If you are a practicing physiatrist, you are familiar with burnout – either you have experienced it yourself or have a colleague who has struggled with it. We know this because 63 percent of physiatrists had experienced burnout as of 2014, and the problem seems poised to continue.
In other words, burnout is the rule, not the exception.
This situation is not just bad for the physicians who find themselves in the grip of burnout – it’s bad for healthcare overall. During a session at the 2019 AAPM&R Annual Conference, other startling statistics highlighted the problem. We lose one physician per day to suicide, according to Dr. Allison Bean of the University of Pittsburgh Medical Center and Dr. Monica Verduzco-Gutierrez of the University of Texas Health Science Center of Houston, who presented research at the conference. A physician experiencing burnout is two times as likely to leave their organization within two years, costing the organization more than $250,000 to replace them.
Physician burnout is a specialty problem, a healthcare problem, and a societal problem.
In the Annals of Family Medicine, Bodenheimer and Sinsky proposed expanding the so-called Triple Aim” of enhancing patient experience, improving population health, and reducing cost. They suggest that this widely accepted paradigm for optimizing health system performance should become the Quadruple Aim, which adds the goal of improving the work life of healthcare providers.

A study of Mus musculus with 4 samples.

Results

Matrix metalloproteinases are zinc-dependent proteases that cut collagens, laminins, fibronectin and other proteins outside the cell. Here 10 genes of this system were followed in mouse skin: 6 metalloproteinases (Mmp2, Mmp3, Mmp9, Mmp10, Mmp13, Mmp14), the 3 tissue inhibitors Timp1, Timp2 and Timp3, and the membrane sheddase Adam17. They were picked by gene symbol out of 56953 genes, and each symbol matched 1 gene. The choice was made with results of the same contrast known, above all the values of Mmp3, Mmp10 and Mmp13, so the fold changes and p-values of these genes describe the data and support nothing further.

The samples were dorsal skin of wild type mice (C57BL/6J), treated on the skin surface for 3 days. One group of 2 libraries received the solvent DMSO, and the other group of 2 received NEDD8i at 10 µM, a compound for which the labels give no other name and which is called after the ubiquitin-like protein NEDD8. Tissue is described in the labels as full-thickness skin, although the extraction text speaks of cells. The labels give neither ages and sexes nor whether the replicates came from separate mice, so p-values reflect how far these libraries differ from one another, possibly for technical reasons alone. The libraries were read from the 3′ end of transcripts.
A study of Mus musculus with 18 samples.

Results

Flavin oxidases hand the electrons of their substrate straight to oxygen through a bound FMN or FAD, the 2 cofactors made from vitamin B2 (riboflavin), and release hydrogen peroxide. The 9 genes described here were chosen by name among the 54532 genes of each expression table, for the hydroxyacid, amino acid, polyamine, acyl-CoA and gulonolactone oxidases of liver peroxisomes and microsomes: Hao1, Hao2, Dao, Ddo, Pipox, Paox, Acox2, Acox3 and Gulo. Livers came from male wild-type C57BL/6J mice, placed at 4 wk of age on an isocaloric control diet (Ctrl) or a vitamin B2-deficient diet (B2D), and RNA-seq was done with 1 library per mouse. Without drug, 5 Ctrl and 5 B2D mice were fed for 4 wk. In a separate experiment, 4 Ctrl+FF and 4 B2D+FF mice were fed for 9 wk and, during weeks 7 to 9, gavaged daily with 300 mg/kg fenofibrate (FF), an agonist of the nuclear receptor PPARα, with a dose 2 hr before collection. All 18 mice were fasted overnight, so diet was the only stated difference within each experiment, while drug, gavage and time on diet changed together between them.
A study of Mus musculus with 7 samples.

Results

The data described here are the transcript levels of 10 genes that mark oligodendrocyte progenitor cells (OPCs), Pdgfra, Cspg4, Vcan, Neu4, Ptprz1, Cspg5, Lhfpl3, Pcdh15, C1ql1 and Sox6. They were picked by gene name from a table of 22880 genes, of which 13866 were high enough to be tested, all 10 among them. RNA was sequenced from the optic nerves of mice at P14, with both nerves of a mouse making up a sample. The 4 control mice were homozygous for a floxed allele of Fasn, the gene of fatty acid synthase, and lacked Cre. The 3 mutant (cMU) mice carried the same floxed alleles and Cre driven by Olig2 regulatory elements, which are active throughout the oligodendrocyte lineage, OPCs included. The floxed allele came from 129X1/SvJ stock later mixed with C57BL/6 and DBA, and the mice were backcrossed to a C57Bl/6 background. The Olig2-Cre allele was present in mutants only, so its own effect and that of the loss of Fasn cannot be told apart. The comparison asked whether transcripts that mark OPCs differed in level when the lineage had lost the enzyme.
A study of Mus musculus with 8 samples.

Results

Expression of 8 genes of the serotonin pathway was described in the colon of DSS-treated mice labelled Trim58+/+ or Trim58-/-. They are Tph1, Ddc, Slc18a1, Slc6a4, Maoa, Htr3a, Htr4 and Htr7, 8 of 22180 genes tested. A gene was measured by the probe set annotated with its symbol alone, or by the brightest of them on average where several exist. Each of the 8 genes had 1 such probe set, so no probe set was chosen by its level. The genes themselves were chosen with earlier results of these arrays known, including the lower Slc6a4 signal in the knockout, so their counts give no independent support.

Unfortunately, many solutions for this additional aim have been offered but have failed, with undue emphasis on resilience – exactly who is resilient if not a physician who has made it through training? An intervention with professional coaching actually did improve resilience among physicians, along with emotional exhaustion and overall quality of life, but there was no change in depersonalization, personal accomplishment, or job satisfaction. Another intervention with facilitated discussion groups had similar outcomes.
On the contrary, evidence demonstrates that individual and system-based interventions have similar benefits. Overall burnout, however, improved more with the system-based interventions. Bean and Verduzco-Gutierrez shared findings of two programs that are seeking to incorporate both individual and system-based approaches.
The Mayo Clinic has a nine-step strategy for promoting professional well-being. It’s built on the idea that it is a shared responsibility between the healthcare organization and the physician to address the issue.
“Leadership and attention from the highest level of the organization are the keys to making progress,” the strategy concludes.
The AMA Steps Forward modules on physician well-being, recognizing that both organizational and individual factors are at play, offer “strategies on how to engage health system leadership, [in] understanding physician burnout and how to address it, as well as developing a culture that supports physician well-being.”
Bean and Verduzco-Gutierrez concluded that efforts should be non-stigmatizing, evidence-based, and multifaceted, including changes at both the organizational and individual level. They also emphasized that these efforts be individualized and continually reassessed.
If you choose to advocate for burnout interventions at your institution, these principles can serve as a roadmap for guiding change. With the problem so rampant among physiatrists, this is everyone’s battle to fight.